Yes, We Have No Bananas
Spring has sprung and many regional farmers’ markets have re-opened from their winter hibernation. Everything is green, flowers have bloomed, herbs have returned, babies were born…. Visiting a farmers’ market, especially in spring, is a small glimpse at a larger re-birth. These tasty little plants are actually tiny little glimpses of the primordial goop that keeps us here on this spinning rock we’re gratefully glued to.
I love a farmers’ market at any time of year. They’re a great opportunity to check in with your surroundings. Each stall should tell you what the nearby landscape can produce. When I worked at farmers’ markets, customers would often approach in search and I’d cross my fingers hoping for the banana question: “Who here sells bananas?” they’d ask earnestly. With a smile creeping across my face, I’d bestow upon them the global sacrifice they’re making by shopping at the farmers’ market, “NONE OF THEM!” I’d say calmly concealing my excitement. “None of these farmers grow bananas. Bananas don’t grow commercially this side of the hemisphere.” Yes, my friends, it’s true; a fruit we think of as American as pizza is just another gift from a foreign land. The customer never was as grateful as I hoped they’d be, mostly just disappointed.
Now, if you see a banana at your farmers’ market and it looks just like the banana you’d see at the local Mega Mart, chances are it probably came from the local Mega Mart. As a consumer, it’s not always easy to tell what you’re looking at. Most farmers’ markets dictate who sells at their markets and enforce their own sets of rules. In California, the state offers a certification program where Certified Farmers’ Markets do their best to ensure that the produce available was actually grown by the farmers who are selling. Not every market upholds such values, so do make sure and ask where the produce comes from. State certified markets typically issue certificates via their county Agricultural Departments, who then inspect fields and production within their counties. Here are the links to some of the state-sponsored farmers’ market programs for Tennessee, North Carolina, Arizona, Texas and Nevada. They all aim to enforce their own unique sets of direct marketing regulations, some better than others. If you’re curious about how the market you’re patronizing works, just ask! Find the “Information Booth” and seek out a manager. Ask something like:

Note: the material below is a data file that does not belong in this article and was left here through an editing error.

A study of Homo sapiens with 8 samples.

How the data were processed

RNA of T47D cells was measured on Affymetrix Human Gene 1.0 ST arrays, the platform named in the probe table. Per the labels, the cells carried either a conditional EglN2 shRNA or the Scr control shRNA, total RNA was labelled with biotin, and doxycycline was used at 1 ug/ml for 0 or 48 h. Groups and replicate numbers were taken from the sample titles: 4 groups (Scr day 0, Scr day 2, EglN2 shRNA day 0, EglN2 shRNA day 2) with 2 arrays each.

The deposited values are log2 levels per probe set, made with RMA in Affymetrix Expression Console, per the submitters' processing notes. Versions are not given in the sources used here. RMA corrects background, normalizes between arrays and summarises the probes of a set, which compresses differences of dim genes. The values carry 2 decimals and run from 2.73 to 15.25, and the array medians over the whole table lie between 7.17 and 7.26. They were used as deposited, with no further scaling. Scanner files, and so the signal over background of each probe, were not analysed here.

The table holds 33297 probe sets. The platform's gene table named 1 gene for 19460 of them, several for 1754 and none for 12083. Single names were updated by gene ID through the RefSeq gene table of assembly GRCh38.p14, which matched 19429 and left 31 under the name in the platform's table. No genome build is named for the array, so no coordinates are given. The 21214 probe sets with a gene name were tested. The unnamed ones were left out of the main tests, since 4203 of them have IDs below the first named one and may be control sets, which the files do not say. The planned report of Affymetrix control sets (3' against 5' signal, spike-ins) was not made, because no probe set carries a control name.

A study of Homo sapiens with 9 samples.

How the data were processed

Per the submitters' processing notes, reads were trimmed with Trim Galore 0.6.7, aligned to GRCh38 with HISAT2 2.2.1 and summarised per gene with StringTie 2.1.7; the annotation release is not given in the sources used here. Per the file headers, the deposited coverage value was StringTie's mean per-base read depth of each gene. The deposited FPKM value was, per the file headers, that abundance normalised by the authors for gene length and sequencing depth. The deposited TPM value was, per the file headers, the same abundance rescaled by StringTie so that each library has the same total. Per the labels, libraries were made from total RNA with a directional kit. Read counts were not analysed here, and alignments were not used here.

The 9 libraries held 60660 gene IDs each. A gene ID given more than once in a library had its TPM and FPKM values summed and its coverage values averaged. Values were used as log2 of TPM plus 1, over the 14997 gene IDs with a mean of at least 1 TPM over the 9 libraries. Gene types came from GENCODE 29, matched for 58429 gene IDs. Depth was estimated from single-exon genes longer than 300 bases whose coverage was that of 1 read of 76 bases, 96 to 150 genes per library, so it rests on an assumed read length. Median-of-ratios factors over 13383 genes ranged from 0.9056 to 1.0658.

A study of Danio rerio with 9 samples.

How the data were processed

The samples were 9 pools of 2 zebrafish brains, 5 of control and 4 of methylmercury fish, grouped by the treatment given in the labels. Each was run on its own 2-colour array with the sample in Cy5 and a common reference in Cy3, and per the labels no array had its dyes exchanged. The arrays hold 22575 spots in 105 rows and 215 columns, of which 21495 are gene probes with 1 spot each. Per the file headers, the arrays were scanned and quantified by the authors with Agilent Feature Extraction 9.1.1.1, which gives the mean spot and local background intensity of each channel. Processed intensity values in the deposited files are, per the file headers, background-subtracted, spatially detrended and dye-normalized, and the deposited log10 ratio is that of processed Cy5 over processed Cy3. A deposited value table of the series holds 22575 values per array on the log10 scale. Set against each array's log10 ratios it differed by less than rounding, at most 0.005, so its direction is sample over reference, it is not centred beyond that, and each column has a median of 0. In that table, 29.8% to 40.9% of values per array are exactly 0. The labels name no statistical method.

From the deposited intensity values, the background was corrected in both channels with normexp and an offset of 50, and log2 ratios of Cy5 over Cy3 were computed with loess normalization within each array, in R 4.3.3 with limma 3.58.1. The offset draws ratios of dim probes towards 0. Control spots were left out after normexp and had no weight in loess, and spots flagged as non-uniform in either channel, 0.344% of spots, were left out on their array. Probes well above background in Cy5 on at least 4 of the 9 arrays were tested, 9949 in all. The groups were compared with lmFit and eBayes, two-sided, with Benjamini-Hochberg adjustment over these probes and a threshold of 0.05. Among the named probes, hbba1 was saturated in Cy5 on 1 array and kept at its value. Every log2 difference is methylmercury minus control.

1) Are all the vendors farmers?
2) If so, are they required to grow only what they sell?
3) How does the market enforce such requirements, if there are any?
For the most part, farmers’ markets try to help local growers by providing a venue for direct marketing – in other words, a place where farmers can actually sell the produce they grow at retail value. This might answer another favorite question of mine, “Why are farmers’ markets so expensive?” The answer could be because your market deals with the people who actually know what it took to produce the damn thing. To quote a former President,
“The farmer is the only man in our economy who buys everything at retail, sells everything at wholesale, and pays the freight both ways.” –John F. Kennedy
…gets me every time.
Being able to talk to the farmers isn’t just a cute gimmick to sell you expensive corn. It’s an opportunity for that grower to see where his or her corn is going to end up, but mostly, it’s an opportunity to receive their compensation. It’s easy for people to go to the Mega Mart or the wholesale produce market, buy bananas on the cheap and sell them out of the backs of their trucks like they actually grew them in domestic soil. If your local farmers’ market has bananas or pineapple, ask why (You might have to ask a few times), then find out who the actual farmers are and give them your money instead.
Eating locally shines a light on our environment. You begin to see flowers where there weren’t any before and fruit where land was once bare. You won’t see bananas, but you’ll appreciate them a lot more.